Good and Evil I

Good, having the nature of both perfection and end, is expressed by creatures in two ways. First, as we said before, the creature has a certain perfection in lieu of its form, which is the proper end of generation. Second, the creature obtains perfection by virtue of its activity. Both of these goods can only imitate the divine goodness in a limited and imperfect way. As the end of generation, form is the goodness of creatures, but substances which are composed, metaphysically speaking, do not possess this end essentially. Substances composed of matter and form or essence and existence cannot contain their own form or existence by virtue of their being. They receive such goods from something external to them. 

What we have, then, is an hierarchical order in which composite substances must receive their goodness from something which is essentially good. God, being his own essence, existence, and goodness, has goodness essentially. His goodness is not the end of some generation or the completion of some incomplete activity. All goodness in creatures is therefore a participation in His goodness.  In the same way, God's essential being demonstrates that he is the cause of being in all things, His essential goodness demonstrates that he is the ultimate end of all creatures. 


An Interlude

The proceeding posts constitute a brief introduction to 1) goodness in general and 2) goodness as applied to man specifically. Many people begin discussions of good and evil from a purely ethical or moral perspective without first seeking to articulate what is truly meant by "goodness." This whole discussion, though, has been about goodness, and inasmuch as we are discussing how man becomes good, we are discussing his happiness. Man, a creature who by nature seeks happiness, must look to God as that for which he longs. His happiness does not consist in anything else. To seek happiness in wealth, bodily pleasure, social status, or power over others, is folly, and it is in the misplacing of one's happiness in such things that evil consists.

The End of All Things V

Man's natural desire for knowledge cannot terminate in any created -- corporeal or immaterial -- substance. This is because as man penetrates the essence of things, that is, as he acquires their intelligible species within himself, he must necessarily understand them as secondary things, effects. No desire for knowledge, though, is satiated through the knowledge of mere effects. The perfection of knowledge, then, consists in a knowledge of causes, but not the types of causes of which we have direct sensible experience. All causes of this sort are not causes simply but are instead causes of some things and effects of others. My father is, in a way, the cause of me while also being the effect of my grandfather. The human intellect cannot find rest in the knowledge of such causes but must come to know the first cause, the Uncaused Cause.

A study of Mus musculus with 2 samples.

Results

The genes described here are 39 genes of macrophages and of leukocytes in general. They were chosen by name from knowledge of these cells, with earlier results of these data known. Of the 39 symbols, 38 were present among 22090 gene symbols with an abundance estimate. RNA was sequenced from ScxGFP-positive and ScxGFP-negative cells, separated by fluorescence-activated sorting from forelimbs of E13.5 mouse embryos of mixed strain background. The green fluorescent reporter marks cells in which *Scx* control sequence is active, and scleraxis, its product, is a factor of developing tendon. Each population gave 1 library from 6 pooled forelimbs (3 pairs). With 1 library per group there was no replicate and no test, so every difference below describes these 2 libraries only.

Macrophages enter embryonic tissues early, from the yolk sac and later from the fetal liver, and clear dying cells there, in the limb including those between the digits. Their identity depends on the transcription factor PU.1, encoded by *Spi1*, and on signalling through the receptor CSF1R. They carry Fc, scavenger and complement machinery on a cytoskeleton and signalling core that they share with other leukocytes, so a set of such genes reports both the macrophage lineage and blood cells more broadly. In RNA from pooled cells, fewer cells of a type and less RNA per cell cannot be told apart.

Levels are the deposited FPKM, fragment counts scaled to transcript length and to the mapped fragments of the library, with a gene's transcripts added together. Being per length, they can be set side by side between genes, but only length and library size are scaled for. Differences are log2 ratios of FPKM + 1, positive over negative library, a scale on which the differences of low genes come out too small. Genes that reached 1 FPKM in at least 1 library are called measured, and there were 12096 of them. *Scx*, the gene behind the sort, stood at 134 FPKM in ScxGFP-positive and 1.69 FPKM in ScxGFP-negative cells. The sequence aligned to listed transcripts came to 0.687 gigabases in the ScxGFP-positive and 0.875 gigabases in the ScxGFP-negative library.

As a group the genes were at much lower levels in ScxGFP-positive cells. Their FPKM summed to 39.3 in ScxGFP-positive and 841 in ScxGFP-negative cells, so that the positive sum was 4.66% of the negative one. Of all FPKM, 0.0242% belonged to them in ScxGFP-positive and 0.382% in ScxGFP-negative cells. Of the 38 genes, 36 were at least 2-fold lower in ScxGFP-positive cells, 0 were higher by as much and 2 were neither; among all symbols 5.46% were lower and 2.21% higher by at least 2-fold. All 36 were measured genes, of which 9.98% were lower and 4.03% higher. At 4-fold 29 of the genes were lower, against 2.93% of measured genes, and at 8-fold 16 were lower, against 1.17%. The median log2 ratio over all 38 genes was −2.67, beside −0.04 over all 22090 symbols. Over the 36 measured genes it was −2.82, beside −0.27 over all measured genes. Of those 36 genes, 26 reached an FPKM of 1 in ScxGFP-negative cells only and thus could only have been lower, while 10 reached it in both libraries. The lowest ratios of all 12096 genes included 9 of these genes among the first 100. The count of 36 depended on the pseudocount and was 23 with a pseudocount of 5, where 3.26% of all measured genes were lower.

When man comes to know God, his natural desire for knowledge is fulfilled and, since God is the cause of all goodness, no further desire can remain within him. To "see" God as he is, through His own essence, is the culmination of human life and is known as beatitude.

In conclusion, all creatures attain their end through the generation of their form. The possession of this end is called goodness, and it is through creatures' individual goodness that they assimilate to the divine goodness. Man, the rational animal, does so in an utterly special way. As an intellectual creature, his form is most properly attained through the possession of a knowledge of that which is most true, good, and existent. Knowledge of God, Who is truth, goodness, and being itself, is the final cause of man since it is this knowledge which brings man into his respective perfection. Man's end culminates in beatitude.